Issue:  Vol. 44 / No. 38 / 18 September 2014
 

NEWS


m.bajko@ebar.com

Larry Pritts, left, joined Brian Sulley and Douglas Haijsman for a game at the LGBT Community Center last weekend, part of a day of activities for LGBT seniors organized by Openhouse. (Photo: Jane Philomen Cleland)

"I was forced out. I am low income and I was just not able to find a place," said Frausto, 68. "I see a lot of my friends moving out of the city in order to survive."

In his case, Frausto moved in with his boyfriend, Jack Pyne, 77, in Pittsburg in eastern Contra Costa County. The two met through Primetimers, a social club for older gay men.

As he settles into his new home, Frausto continues to commute into San Francisco. He volunteers at Openhouse, a nonprofit provider of services for LGBT seniors, and stops by the Castro Senior Center to visit with friends.

He worries, though, that his cohort is fast becoming the forgotten generation.

"We get the feeling when we talk amongst ourselves we are antiques. And antiques you throw out," said Frausto. "We are invisible."

It is a concern shared by Pamela Quiton, 55, a lesbian who lives in a studio in the Mission on 18th Street. She has seen friends forced to relocate to the East Bay due to a lack of affordable housing options in San Francisco and worries some day she, too, will have to move.

"Everyday I pray what is going to happen to me after this," said Quiton. "My friend lost her house because the owner had to sell it. She looked everywhere to live here, but now, she is far away in the East Bay. We lost our friend."

Quiton can't afford to move into an assisted living facility for seniors and is fearful of ending up in one of the city's single-room-occupancy hotels. She has heard horror stories of women being harassed for sex or raped in such housing.

"If I do have to move, it is very hard to find a place to live in San Francisco. I might end up in a hotel," said Quiton. "I am really scared. I am getting older and have arthritis, it is hard for me to get around."

Aging and Adult Services Commissioner Gustavo Serina (Photo: Rick Gerharter)

As she tries to plan for the future, Quiton sees few options for her in the city. She is hopeful the doors will open at Openhouse's 55 Laguna project, which would see 109 units of affordable senior housing for older LGBT people be built a block away from the LGBT Community Center. The project sponsors are in the midst of securing financing in order to start construction.

"It would be really great to live in 55 Laguna," said Quiton, though she knows she will be one of likely thousands of LGBT seniors applying for the apartments.

Even more such LGBT-friendly housing projects need to be built in San Francisco, she said.

"They take good care of the city's historic buildings, how about taking care of its historic people," said Quiton. "There also needs to be community places where lesbian, gay, bisexual, and transgender seniors can go to be together."

Such concerns will be the focus of a hearing today (Thursday, January 26) at City Hall that the Board of Supervisors' LGBT caucus has called for to examine the needs of a ballooning gay senior population.

There are an estimated 25,000 LGBT people over the age of 60 living in San Francisco. And that number is expected to double to 50,000 by 2030.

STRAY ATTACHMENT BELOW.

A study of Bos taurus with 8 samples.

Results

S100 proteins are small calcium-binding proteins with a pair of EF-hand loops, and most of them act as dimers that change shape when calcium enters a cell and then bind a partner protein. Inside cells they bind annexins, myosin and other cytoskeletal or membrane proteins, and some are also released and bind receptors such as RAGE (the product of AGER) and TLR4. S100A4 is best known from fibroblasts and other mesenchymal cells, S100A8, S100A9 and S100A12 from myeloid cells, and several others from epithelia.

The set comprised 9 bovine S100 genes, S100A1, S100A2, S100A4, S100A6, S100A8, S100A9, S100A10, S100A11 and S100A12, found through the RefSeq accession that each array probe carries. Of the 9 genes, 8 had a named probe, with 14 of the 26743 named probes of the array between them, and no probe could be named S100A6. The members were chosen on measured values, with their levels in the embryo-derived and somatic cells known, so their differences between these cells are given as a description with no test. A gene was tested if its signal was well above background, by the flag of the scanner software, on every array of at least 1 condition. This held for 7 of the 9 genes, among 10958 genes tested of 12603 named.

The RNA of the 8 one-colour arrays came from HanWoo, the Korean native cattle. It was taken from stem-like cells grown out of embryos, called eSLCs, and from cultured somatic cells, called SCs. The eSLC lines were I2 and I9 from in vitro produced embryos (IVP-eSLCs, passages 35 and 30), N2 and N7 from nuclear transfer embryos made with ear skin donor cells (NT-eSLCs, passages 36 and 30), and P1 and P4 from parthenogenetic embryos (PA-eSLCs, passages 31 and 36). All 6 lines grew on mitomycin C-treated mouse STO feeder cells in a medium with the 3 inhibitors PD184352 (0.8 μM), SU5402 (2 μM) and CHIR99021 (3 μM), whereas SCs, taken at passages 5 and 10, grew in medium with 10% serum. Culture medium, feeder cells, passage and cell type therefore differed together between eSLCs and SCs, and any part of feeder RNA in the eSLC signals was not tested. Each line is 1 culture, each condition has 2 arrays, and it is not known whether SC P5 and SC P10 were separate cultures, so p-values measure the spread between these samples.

The numbers may be an undercount, worries Gustavo Serina, 66, a gay man who is vice president of the city's Aging and Adult Services Commission. While the city has a fairly good picture of the number of seniors at the low and high ends of the socioeconomic spectrum, it may be missing those in the middle, contends Serina.

 "Older seniors may not have been reached or are reluctant to identify themselves as LGBT," said Serina, who has lived in the Castro since 1978. "I know most people my age who own homes are financially secure, travel, and are in good health. I am not sure that is reflected in the numbers. For reasons I am not all together clear on, we haven't reached a broad spectrum."

It is important to reach as many seniors as possible, said Serina, as they are not a monolithic group. The issues and struggles they face vary by age, income, and life experiences he said.

"I think LGBT seniors who are 75 or 80 have one set of issues. Those of us who are avant-garde baby boomers have different issues," he said. "We are less inclined to be worried about being closeted." 

Another area of concern is how to provide for the needs of a rapidly aging HIV and AIDS population. Two years ago the city saw the majority of its AIDS cases be among people 50 and older. The number is projected to continue to climb, presenting unique healthcare challenges within this population.

"We are the guinea pig generation. Nobody knows what long term survival on med regimes is going to mean and what will we need," said Hayes Valley resident Ray Rudolph, 62, who is HIV-positive. "Is San Francisco prepared for that? I don't know. As a long time survivor living with HIV, I worry about cutting back on ADAP and services and things like that. I am always keeping a watchful eye on that."

Single and living alone, Rudolph said he is contemplating a move back east to New York City should his housing situation change.

"If it wasn't for my rent controlled unit, or anything changed with my housing, I would have to move," said Rudolph. "Affordable housing in this city is critical."

The hearing on the needs of LGBT seniors will take place at 1 p.m. today in Room 263 at City Hall.

The San Francisco Commonwealth Club is also hosting a panel discussion tonight about the needs of LGBT seniors. A networking reception begins at 5:30 p.m. and the program starts at 6 p.m. at the club's offices, 595 Market Street.

Tickets cost $20 for nonmembers, $8 members, and $7 for students with valid ID.